Expert to share tips for a safer caravan experience

THEY are too numerous to count.

Some caravan trips can be short-lived and finish with a costly repair bill.

Some caravan trips can be short-lived and finish with a costly repair bill.

The number of stories that Gary Rodgers can tell about grey nomads who head off on their dream caravan holiday, only to be back within days because they have damaged their home on wheels.

Some don’t even make it out of the driveway, Mr Rodgers, the co-owner of Warrnambool Caravan Repairs, said with more than a trace of sorrow on his face.

He tells the story of a  man whose caravan the business had set up so the weight was properly distributed.

The customer picked up the van and promptly moved everything to the back, which made it wobble under tow and jackknife half an hour into the big trip.

Another tale is about a man who damaged the side of his caravan when he side-swiped a waste skip. He had it repaired by Mr Rodgers and his team but was back soon after, with the same recently-repaired side of the caravan dented after backing into a tree. 

Caravans damaged by their owners when they were backing or turning provide a steady stream of trade to the business, he said.

“People do not realise how far caravans swing in the back. They hit petrol bowsers.”

His wife Debbie Rodgers said part of the problem facing new caravan users was they were not taught how to tow or pack their vans when they bought them. Mr Rodgers hopes to help people new to towing caravans, as well as experienced towers, how to avoid accidents when he speaks at a forum in Warrnambool for caravan holidaymakers.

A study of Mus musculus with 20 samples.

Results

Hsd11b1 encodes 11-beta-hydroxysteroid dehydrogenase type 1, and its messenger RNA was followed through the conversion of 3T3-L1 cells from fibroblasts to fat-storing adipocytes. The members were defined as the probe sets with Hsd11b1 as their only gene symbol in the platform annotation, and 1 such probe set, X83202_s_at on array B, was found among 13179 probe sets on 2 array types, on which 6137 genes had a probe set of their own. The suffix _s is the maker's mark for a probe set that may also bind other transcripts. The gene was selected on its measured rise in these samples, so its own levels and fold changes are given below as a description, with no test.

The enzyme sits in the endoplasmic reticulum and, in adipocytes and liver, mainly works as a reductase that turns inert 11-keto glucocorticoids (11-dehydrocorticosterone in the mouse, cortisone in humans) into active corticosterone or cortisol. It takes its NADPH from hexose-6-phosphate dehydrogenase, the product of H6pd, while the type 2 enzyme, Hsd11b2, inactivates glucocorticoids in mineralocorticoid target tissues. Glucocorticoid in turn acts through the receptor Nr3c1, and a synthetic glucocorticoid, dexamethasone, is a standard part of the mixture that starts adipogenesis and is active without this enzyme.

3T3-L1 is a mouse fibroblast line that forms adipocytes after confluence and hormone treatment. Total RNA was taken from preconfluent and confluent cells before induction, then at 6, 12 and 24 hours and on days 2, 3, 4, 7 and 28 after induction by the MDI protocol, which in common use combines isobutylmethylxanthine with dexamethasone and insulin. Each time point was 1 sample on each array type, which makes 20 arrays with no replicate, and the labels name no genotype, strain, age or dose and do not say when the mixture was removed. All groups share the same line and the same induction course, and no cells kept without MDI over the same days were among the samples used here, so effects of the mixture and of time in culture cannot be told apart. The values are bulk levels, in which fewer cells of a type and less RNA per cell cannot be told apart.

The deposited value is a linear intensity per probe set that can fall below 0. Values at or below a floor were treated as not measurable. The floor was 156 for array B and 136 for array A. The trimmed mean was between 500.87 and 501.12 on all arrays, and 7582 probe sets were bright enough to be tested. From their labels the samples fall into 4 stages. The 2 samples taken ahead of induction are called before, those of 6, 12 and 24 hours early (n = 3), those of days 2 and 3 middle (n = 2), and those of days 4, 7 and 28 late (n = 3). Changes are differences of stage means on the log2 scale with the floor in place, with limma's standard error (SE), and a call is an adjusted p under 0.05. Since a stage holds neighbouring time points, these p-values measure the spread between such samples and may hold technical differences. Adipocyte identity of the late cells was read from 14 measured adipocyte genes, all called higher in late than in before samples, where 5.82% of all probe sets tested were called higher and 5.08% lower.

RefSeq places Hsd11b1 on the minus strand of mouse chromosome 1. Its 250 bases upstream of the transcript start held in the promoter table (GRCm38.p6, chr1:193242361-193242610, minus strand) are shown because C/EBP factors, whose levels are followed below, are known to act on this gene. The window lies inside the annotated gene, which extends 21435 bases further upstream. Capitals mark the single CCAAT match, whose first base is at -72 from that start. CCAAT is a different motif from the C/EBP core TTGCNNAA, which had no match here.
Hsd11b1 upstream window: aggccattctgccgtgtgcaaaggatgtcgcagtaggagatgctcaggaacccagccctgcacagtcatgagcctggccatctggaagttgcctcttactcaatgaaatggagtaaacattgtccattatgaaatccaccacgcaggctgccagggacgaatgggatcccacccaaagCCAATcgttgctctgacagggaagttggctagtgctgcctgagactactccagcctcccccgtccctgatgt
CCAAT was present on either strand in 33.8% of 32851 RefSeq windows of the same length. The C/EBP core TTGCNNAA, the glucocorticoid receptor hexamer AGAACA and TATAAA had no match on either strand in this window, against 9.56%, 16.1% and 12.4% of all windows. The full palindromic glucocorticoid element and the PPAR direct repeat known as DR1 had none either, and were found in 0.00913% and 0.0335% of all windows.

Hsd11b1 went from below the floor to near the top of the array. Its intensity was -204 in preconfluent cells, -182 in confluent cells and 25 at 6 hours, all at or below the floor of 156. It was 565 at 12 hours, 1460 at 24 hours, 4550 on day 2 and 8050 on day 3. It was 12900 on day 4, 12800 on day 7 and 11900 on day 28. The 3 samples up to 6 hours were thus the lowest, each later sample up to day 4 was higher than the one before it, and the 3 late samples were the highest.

The forum will be at the Archie Graham Community Centre in Timor Street from 10am-11am on Tuesday, April 15.

Mr Rodgers will also talk about what people should get when they buy a caravan such as towing mirrors and towing hitches appropriate to the weight of their caravans.

Another caravan safety feature he recommends is Electronic Stability Control (ESC) technology that automatically activates electric brakes when inbuilt sensors detect the van is swinging from side to side unsafely.

One of things he won’t be recommending is the use of house bricks to chock caravan wheels or to lift vans to a flat level: plastic chocks do the same job and weigh far less.

He also tells people to consider taking many of their accessories off their caravans before they sell them.

Many of the accessories can fit the next caravan that people buy and are expensive to replace.